Definition: The Employee stock option scheme or ESOs is the form of executive compensation, wherein the selected executives are given a certain number of shares of the firm. Here, the employees have the right, but not the obligation to buy or sell the company’s shares at a specific date and at a specific time.
The companies listed on the securities exchange must comply with the SEBI guidelines on employee stock option scheme. These guidelines are:
- Eligibility: An employee can participate in the ESO scheme if he satisfies the following:
- He is not a promoter or,
- He is not a director who directly holds 10 percent of the outstanding equity shares.
- Compensation Committee: No employee stock option scheme could be initiated until and unless the compensation committee has been formed. This committee comprises of the board of directors wherein the majority should consist of independent directors, who supervises and gives advice on the ESO scheme.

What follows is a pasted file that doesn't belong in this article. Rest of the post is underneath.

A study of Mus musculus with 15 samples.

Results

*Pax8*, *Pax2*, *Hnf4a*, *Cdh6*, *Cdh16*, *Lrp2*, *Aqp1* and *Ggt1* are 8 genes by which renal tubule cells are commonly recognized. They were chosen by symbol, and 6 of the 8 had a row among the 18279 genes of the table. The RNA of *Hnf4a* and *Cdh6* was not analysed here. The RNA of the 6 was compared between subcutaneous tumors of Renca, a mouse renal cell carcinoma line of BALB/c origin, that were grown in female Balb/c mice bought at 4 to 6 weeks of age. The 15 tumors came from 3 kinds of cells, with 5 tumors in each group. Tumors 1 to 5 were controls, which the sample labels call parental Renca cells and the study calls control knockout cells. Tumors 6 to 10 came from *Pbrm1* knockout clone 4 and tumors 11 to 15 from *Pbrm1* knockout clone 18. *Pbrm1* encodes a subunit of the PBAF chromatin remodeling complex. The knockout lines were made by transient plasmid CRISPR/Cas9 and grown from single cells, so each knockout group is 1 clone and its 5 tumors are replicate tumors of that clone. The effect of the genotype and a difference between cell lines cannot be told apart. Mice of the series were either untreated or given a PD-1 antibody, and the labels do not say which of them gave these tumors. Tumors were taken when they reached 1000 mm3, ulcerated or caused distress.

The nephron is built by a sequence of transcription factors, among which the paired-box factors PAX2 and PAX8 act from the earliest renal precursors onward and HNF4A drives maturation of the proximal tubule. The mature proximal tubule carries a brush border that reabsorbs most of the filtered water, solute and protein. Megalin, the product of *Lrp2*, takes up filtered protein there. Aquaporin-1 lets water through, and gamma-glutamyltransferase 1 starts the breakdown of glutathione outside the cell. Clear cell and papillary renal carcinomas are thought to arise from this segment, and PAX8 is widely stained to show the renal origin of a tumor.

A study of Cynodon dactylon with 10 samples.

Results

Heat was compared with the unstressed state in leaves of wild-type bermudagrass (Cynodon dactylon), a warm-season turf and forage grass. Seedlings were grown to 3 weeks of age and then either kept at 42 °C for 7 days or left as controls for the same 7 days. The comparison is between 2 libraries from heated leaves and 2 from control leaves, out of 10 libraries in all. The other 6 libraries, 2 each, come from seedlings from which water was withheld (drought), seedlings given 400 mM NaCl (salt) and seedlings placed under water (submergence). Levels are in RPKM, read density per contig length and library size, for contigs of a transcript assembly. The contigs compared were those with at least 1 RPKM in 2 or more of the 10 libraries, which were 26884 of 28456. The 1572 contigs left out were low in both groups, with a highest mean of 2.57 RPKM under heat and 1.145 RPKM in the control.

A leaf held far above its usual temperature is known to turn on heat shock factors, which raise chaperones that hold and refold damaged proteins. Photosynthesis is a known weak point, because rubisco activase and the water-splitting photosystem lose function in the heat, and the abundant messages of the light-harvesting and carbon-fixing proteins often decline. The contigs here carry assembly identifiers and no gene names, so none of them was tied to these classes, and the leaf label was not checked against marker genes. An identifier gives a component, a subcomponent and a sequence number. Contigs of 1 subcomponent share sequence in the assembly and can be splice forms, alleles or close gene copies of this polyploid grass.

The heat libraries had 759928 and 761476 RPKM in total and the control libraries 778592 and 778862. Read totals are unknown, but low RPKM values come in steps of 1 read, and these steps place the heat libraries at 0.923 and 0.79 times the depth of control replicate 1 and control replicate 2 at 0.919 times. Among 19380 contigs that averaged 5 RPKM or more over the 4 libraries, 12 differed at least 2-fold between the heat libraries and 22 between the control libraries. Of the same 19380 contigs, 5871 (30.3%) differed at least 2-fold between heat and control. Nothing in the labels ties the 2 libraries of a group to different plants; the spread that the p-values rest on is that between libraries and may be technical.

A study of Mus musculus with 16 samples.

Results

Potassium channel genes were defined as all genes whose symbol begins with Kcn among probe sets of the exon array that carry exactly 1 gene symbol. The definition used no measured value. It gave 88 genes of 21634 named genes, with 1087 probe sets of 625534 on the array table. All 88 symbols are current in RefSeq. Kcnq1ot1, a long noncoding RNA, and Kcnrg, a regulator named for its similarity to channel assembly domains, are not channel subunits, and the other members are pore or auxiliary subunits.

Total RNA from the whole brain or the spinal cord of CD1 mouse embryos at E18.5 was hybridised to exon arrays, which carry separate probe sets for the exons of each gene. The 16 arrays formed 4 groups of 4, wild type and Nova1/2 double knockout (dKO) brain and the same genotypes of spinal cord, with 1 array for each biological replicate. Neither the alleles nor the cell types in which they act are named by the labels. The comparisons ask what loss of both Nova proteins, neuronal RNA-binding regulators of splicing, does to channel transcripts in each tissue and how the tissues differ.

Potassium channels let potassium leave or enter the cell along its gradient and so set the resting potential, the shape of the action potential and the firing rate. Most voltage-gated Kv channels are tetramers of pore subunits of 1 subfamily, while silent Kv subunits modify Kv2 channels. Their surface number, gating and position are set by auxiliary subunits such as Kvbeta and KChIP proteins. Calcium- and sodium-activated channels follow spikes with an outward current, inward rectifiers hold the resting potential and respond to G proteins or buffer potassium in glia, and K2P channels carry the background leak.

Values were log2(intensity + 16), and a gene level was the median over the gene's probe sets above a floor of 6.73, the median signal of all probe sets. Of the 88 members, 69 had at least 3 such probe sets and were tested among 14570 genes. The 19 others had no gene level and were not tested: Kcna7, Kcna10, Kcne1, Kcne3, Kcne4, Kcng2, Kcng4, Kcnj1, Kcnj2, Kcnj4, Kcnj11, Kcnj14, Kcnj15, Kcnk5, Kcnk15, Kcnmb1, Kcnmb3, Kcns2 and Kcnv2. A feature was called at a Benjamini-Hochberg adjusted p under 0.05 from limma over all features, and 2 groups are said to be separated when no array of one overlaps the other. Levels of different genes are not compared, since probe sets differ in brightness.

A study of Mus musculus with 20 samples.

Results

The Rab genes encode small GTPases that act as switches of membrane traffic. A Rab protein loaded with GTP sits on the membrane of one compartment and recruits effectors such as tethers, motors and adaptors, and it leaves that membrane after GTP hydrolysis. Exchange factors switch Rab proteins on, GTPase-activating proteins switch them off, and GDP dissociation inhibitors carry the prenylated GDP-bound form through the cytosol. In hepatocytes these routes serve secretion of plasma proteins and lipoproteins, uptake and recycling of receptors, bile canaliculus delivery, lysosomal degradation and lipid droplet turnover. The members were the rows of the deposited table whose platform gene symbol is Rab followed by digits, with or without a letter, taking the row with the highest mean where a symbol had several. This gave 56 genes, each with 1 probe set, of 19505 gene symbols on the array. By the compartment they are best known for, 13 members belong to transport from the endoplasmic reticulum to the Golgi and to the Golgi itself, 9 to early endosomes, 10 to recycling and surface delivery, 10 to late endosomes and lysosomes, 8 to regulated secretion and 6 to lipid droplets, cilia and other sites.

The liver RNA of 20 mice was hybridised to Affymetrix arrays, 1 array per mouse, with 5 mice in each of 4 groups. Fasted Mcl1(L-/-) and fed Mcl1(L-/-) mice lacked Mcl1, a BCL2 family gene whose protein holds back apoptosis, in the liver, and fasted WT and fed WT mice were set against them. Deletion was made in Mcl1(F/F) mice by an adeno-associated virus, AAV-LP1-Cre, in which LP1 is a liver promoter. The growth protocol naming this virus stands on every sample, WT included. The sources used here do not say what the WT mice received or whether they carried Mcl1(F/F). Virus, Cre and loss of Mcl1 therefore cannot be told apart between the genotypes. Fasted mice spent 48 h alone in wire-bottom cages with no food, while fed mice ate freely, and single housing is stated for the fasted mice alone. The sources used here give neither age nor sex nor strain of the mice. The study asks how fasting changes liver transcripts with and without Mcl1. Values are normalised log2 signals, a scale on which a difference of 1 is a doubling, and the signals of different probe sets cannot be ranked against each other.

- Shareholder Approval: It is mandatory to get the approval of the shareholders of the company before offering the ESOs to the employees. The approval can be acquired through a passing of a special resolution.
- Pricing: The company making an offer of ESOs to its employees has the right to determine the stock’s exercise price provided, it conforms to the accounting policies as specified in the SEBI guidelines.
- Lock-in-Period and Rights of option holder: There must be a time gap of one year between the granting of the options and the vesting period (time for which the employee has to wait to exercise his option). Until the shares are issued upon exercise of the option, the employee shall have no rights as that of the shareholders.
- Accounting Treatment: The option’s accounting value can be determined either through the Black-Scholes model or as the difference between the exercise price and the market price (the price at which the options are granted).